It’s not just the Gold Coast that’s exclusive on L.I. Sound

When it comes to fishing, boating and other sporting activities, getting access to Long Island Sound is anything but a day at the beach.

While sunbathers can flock to large state parks, those who seek less crowded spots for recreational use say a limited number of access points and restricted or expensive parking make getting to the water difficult.

Access has been so bad for so long that when Gov. M. Jodi Rell announced in June that $4 million in grants intended for cities and towns to use for the broad purposes of “habitat restoration and coastal projects” would be available this fiscal year, longtime shoreline access advocates shrugged.

Light House Point

Accessible: Lighthouse Point Park, New Haven (CT DEP image).


As far as they’re concerned, any state money that isn’t specifically allocated to access improvement efforts will simply not be put to such use.

And in fact, none of the 22 applications received by the state Department of Environmental Protection last month focuses specifically on improving access. Dennis Schain, a DEP spokesman, said the department believes the projects being considered, “if anything, are likely to create improvements in access.”

That’s the approach to access that infuriates people like Tom Boyd, president of the Connecticut Outdoor Recreation Coalition. To him, it’s a classic example of the state’s approach to Long Island Sound: long on rhetoric and short on specifics.

“I have lobbied for years for more access to the shoreline. I don’t know of any other state that provides less access to their shoreline,” Boyd said.

Part of the problem is that the development of Connecticut’s shoreline began 300 years ago. David Kozak, in the DEP’s Office of Long Island Sound Programs, noted, “We’re between New York and Boston, two very densely populated areas, and we have extremely high land values, which makes it difficult to acquire new property for access.”

For a number of reasons, projects that seek to improve access to the shore just don’t get any traction in Hartford, Boyd said.

He suggested that the legislature give DEP the responsibility it deserves by allocating revenue from the sale of fishing licenses to the department’s fisheries division rather than the state’s general fund.

Tim Coleman, former managing editor of the Fisherman magazine’s New England edition, argues that wealthy property owners are one of the main reasons access is so poor. The number of access points along the coast isn’t the main problem, Coleman said. The problem is access to the access points.

“Go to Greenwich or Westport and try to go surf fishing,” Coleman said. “The area between high water and low water is public property, but try getting there.”

“That’s the kind of thing people face here,” Coleman said. While fishermen routinely sneak through private property to get to the water, public funding goes to projects designed to protect private property values.

According to DEP, when land fronting on the estuaries that drain into the sound and tidal wetlands is included, the entire coastal frontage of the sound measures 583 miles. Of that, 84.5 miles is sandy beach. The rest is bedrock, marsh, glacial drift or artificial fill.

Since 1980, the state’s Coastal Management Program has added about 12 miles of public access to Long Island Sound.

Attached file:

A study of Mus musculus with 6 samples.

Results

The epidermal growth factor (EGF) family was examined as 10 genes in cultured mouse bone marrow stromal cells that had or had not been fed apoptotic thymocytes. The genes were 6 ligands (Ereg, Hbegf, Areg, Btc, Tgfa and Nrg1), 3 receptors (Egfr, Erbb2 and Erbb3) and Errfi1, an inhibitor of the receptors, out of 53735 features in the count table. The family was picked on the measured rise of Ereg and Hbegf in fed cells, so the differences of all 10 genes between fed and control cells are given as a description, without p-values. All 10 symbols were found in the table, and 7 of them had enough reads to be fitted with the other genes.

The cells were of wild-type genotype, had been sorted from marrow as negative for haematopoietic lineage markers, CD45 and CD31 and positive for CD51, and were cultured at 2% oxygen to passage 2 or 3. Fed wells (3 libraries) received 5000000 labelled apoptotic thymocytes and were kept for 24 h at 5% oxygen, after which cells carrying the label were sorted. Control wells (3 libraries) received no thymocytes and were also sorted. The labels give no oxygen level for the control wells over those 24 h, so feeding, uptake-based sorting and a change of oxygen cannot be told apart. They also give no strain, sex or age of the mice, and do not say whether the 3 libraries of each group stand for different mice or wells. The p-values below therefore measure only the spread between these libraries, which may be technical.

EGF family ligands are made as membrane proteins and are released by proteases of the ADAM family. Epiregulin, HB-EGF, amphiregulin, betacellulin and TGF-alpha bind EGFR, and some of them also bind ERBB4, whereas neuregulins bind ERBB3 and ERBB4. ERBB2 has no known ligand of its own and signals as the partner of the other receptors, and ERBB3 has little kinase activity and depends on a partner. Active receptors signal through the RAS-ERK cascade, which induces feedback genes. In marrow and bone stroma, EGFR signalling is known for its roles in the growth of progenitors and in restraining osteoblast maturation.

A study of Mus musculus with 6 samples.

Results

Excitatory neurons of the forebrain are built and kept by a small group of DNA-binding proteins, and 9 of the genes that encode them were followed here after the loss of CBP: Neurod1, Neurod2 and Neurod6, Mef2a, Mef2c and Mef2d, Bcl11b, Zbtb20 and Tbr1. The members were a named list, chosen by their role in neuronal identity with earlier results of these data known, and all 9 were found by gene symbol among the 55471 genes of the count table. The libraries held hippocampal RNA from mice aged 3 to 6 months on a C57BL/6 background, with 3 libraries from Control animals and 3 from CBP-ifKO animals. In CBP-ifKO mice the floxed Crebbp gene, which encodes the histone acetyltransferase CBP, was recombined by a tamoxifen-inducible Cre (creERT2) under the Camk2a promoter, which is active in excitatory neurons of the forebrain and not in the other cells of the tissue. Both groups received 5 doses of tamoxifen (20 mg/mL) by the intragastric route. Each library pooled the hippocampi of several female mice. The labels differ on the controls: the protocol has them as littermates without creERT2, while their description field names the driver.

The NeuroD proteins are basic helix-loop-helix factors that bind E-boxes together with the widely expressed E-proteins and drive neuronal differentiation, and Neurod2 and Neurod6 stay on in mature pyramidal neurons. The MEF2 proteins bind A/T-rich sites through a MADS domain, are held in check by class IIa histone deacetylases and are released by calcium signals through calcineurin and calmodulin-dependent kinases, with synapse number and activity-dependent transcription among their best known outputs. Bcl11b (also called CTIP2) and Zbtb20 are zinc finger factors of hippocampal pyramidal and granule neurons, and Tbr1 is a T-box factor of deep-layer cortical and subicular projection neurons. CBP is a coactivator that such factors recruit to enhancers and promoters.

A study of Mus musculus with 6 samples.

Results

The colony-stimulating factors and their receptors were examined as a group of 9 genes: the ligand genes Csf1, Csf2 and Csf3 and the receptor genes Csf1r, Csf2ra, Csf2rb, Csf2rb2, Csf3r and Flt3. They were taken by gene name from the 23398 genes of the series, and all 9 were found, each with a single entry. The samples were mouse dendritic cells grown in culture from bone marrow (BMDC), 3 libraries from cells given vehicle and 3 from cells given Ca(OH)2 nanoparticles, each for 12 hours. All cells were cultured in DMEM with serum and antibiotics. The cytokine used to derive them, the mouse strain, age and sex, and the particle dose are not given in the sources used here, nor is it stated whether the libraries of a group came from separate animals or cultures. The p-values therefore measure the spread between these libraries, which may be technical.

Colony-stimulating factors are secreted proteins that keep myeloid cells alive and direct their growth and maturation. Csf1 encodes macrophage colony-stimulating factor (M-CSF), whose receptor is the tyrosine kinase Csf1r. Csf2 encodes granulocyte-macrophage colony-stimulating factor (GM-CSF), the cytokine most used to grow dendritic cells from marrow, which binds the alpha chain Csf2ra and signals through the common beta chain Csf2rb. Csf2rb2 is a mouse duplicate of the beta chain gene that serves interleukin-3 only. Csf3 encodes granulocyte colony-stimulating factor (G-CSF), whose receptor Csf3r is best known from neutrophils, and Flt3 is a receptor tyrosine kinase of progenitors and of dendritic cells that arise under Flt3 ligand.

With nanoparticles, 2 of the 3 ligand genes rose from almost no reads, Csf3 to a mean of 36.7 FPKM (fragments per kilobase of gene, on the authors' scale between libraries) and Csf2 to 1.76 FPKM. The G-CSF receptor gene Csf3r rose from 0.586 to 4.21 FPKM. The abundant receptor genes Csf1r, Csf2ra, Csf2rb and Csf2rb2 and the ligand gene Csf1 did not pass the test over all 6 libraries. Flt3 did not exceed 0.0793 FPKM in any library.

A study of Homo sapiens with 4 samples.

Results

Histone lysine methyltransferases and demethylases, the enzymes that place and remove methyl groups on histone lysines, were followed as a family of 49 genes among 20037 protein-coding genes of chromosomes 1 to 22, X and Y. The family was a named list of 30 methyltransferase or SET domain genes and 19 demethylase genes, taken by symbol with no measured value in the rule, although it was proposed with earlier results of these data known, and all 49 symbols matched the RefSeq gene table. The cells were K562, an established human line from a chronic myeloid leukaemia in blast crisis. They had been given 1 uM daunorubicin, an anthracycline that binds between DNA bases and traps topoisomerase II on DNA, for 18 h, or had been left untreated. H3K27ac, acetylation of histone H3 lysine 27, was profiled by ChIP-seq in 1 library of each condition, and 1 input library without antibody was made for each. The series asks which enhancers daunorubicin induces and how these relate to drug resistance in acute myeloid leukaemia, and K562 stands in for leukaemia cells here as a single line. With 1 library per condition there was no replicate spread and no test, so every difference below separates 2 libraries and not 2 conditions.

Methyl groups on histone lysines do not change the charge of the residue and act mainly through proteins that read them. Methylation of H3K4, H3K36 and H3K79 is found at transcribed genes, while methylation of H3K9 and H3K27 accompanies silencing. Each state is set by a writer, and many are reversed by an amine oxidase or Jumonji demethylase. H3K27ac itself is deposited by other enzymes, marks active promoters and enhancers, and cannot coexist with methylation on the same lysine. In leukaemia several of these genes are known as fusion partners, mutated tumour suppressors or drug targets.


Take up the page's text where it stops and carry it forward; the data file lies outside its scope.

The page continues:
In 2006, the U.S. Congress ratified the Long Island Sound Stewardship Act, which allocated $25 million per year to the Long Island region for environmental protection and improvements to public access. In its justification for the act, Congress noted that Long Island Sound contributes more than $5 billion to the regional economy annually, but that only 20 percent of the sound’s total shoreline is accessible to the public.

Overprotection of the sound is understandable. Connecticut’s shoreline can be crowded and traffic-choked. It is estimated that 8 million people live within the Long Island Sound watershed and 28 million people live within 50 miles of the sound.

That’s a lot of environmental pressure, and it’s only within the last two generations that efforts to protect the sound have come to fruition.

In the last 30 years, 1,500 acres of Connecticut tidal wetlands have been restored, according to DEP.

The challenge is balancing protection with the public’s right to its coastline, said Mark Tedesco, the U.S. Environmental Protection Agency’s Long Island Sound office director. Tedesco is part of the Long Island Sound Study, a partnership between the EPA and the states of Connecticut and New York aimed at restoring and protecting the sound’s ecosystem.

“There’s both compatibility and tension,” Tedesco said. “If the public can’t access Long Island Sound, the broader public is not going to be as engaged in efforts to preserve it. Generally, anecdotally, New York and Connecticut public access is fairly limited.”

But the tide, as it were, may be turning.

The state doesn’t necessarily promote increased coastal access. DEP typically works with coastal towns and non-government land conservation organizations to improve access to the sound. It also publishes the Connecticut Coastal Access Guide, Kozak noted.

But lately, Connecticut public coastal land acquisitions have received federal funding intended to assist coastal states acquire land for protection, as well as compatible public use, Kozak said.

Matthew L. Brown is an award-winning journalist who has covered a wide range of subjects as a reporter for the Willimantic Chronicle and the Hartford Business Journal. He is currently the managing editor of the Worcester Business Journal in Worcester, Mass. He lives in Dayville.